Derek Lowe wonders what lessons we can learn from the Vytorin fiasco

The controversy over cholesterol drug Vytorin has been going on for months, and more fallout is surely on the way. Surveying the wreckage, my first thought is: what a terrible shame the whole affair is. After all, the drug is a very reasonable idea for a combination therapy. It makes perfect sense that curbing endogenous cholesterol synthesis with a statin (simvastatin) while reducing dietary cholesterol absorption (with ezetimibe) would do more to lower low-density lipoprotein (LDL) levels than either drug on its own. 

And so it does. Numerous studies have confirmed that Vytorin lowers LDL quite thoroughly, even when the patients take less than the stand-alone dose of the statin component. 

Based on those numbers, Merck and Schering-Plough have promoted their combination drug very aggressively, hoping to take market share in one of the most lucrative therapeutic areas in the world. They’re businesses, of course, and that’s what businesses do. Rationally, you’d expect that they would make money and their patients would, in return, get lower LDL levels. 

All the more reason for dismay, then, when the Enhance (Ezetimibe and Simvastatin in Hypercholesterolaemia Enhances Atherosclerosis Regression) trial (conducted in patients with genetically high cholesterol levels) apparently showed that Vytorin offered no benefit at all compared to the plain statin, when assessed by the generally accepted clinical marker of artery wall thickness. The drug did no harm, but it appeared to do no added good, either - which, given its price, is most certainly not ideal. The full results were released on 30 March at a meeting of the American College of Cardiology in Chicago, US, and also published by the New England Journal of Medicine

Makes no sense at all 

I should mention that ezetimibe was discovered right around the corner from my first lab in the drug industry, and I worked alongside its medicinal chemistry team every day during the compound’s early years. I have an emotional and intellectual connection to it, as it was the first drug I ever saw emerge in front of my own eyes, made by people I knew. 

So when I say that the Enhance result makes no sense, it might be tempting to put that down to my own biases. But the clinicians think the same thing, and the companies wouldn’t have run the trial at all in this patient population if they hadn’t seen good chances for a result to brag about. An explanation is needed: this result is telling us something important about human cholesterol handling and our approaches to testing it. It’s a pity the message is so unintelligible.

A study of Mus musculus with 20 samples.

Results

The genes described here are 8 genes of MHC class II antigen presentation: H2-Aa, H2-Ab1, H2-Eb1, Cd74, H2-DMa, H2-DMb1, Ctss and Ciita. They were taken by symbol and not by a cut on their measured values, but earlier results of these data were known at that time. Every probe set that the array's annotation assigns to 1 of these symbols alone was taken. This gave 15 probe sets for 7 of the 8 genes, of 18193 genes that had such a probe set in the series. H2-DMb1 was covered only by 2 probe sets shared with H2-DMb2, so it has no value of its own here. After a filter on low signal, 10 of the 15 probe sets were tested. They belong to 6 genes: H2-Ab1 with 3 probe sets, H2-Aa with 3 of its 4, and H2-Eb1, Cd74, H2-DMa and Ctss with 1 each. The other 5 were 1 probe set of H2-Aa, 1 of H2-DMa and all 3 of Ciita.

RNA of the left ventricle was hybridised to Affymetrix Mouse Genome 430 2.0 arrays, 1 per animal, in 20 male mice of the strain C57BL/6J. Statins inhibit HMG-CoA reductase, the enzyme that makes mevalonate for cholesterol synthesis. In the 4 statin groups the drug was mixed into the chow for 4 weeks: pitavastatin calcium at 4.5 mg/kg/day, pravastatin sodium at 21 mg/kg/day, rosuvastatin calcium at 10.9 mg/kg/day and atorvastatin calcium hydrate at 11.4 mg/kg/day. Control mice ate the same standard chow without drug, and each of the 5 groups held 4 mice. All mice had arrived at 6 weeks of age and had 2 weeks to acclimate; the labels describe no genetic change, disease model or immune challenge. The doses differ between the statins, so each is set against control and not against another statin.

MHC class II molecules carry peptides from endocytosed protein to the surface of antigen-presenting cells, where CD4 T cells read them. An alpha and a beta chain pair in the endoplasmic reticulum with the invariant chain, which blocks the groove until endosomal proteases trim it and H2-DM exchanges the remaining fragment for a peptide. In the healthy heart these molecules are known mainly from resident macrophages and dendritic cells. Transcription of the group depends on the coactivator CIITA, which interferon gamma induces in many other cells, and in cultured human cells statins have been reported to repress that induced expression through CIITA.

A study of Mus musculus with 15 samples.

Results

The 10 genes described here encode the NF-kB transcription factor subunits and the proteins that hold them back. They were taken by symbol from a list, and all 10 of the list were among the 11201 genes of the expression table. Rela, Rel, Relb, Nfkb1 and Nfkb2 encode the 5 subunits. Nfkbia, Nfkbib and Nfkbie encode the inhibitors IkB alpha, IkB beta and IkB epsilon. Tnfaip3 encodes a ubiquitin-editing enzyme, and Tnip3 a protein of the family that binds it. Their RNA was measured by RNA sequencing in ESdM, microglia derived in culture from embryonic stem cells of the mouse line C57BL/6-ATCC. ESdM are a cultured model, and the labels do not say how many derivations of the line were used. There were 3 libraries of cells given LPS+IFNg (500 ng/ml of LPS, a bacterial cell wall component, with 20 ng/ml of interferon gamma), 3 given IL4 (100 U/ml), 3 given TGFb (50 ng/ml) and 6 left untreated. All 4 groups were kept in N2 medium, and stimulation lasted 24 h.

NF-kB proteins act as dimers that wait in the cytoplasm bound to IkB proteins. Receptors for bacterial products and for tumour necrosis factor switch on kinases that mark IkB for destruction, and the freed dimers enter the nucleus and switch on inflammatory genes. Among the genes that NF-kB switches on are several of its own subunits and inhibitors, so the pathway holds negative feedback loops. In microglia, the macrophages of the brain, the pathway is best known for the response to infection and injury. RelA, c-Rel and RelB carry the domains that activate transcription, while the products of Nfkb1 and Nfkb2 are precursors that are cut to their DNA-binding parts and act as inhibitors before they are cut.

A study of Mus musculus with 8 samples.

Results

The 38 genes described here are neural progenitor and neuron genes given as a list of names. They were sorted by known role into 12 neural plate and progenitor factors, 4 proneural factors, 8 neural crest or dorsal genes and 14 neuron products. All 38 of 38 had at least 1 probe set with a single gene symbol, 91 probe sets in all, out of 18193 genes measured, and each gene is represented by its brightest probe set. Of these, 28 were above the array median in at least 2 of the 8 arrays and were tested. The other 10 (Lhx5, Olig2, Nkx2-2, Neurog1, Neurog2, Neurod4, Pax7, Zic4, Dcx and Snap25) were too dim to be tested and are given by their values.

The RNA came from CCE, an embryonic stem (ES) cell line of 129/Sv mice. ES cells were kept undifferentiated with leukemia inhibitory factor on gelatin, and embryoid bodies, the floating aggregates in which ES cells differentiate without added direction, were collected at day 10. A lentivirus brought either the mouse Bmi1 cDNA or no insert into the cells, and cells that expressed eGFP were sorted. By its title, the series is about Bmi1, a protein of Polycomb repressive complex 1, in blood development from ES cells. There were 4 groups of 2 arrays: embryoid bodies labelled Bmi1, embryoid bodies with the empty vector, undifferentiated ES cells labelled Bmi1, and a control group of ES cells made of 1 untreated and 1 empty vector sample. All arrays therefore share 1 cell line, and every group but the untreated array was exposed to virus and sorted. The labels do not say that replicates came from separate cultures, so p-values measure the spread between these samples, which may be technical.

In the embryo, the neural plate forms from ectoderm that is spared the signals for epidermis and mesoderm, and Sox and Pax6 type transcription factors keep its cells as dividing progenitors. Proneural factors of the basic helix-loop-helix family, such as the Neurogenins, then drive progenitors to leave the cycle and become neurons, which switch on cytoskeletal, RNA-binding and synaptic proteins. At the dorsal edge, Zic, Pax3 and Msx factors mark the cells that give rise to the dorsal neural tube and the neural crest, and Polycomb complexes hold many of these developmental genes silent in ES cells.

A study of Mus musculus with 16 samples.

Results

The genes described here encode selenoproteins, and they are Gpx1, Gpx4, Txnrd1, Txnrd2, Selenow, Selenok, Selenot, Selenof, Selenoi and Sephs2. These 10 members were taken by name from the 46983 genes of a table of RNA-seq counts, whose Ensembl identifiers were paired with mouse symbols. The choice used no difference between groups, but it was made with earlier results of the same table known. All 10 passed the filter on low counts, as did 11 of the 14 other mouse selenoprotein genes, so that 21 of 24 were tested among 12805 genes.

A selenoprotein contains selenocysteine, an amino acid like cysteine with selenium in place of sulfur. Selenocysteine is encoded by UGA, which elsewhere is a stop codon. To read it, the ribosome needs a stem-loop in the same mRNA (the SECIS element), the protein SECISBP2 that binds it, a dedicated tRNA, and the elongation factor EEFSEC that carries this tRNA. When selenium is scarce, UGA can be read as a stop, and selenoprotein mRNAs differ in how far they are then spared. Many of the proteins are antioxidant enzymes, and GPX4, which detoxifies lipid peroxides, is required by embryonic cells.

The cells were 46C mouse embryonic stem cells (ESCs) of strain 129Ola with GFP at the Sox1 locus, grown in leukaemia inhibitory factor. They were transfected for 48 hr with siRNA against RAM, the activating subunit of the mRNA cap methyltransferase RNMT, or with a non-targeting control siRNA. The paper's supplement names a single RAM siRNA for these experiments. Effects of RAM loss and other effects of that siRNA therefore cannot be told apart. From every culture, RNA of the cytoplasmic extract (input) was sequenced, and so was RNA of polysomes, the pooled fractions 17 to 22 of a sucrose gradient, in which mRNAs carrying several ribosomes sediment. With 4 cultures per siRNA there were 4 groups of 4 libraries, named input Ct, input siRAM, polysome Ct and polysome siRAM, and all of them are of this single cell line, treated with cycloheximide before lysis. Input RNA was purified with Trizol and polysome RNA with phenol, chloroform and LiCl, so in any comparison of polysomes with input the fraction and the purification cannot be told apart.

That explanation won’t do much to help Schering-Plough and Merck, though, even if it ends up vindicating the drug. Its commercial prospects have surely been damaged beyond repair. There is a larger trial underway to evaluate outcomes with Vytorin in normal patients, but we won’t see that data until around 2011. Patients will benefit if the drug comes back into favour as a result, but the companies will have lost the compound’s most profitable years, and will have to watch it eventually turn generic while never having fulfilled its economic potential for them. 

Perfect example 

In hindsight, Vytorin illustrates the bind that the drug industry is in. Blockbuster drugs come along rarely, so companies need to make the most of them while they can. For most therapeutic areas, that means using surrogate markers, because the numbers that are most useful take the most time (and the most money) to obtain. LDL blood levels, for all the publicity surrounded them, are merely a surrogate. Artery wall thickness is another, albeit one step closer to the goal of slowing atherosclerosis. The real outcome is lowered rates of cardiac events, and the ultimate measures are lower mortality and lower morbidity. 

You’d think that all of these would follow in some sort of logical progression, but the truth is that we’re not completely sure about any of those links. Some of them are firmer than others; but the further you are from real mortality numbers (which take years, if not decades to obtain), the less sure you are. That fact means there is a terrible mismatch with the needs of drug development and the demands of the market which, in the end, are the demands of the general public and their physicians. Human beings will not put up with a 25 year drug trial, whether they are human patients, human cardiologists, or human stockholders. That means that the Vytorin fiasco may not be as much of a surprise as it seems. The odds, in fact, are very good that we’re going to do just this sort of thing again and again. 

Derek Lowe is a medicinal chemist working on preclinical drug discovery in the US.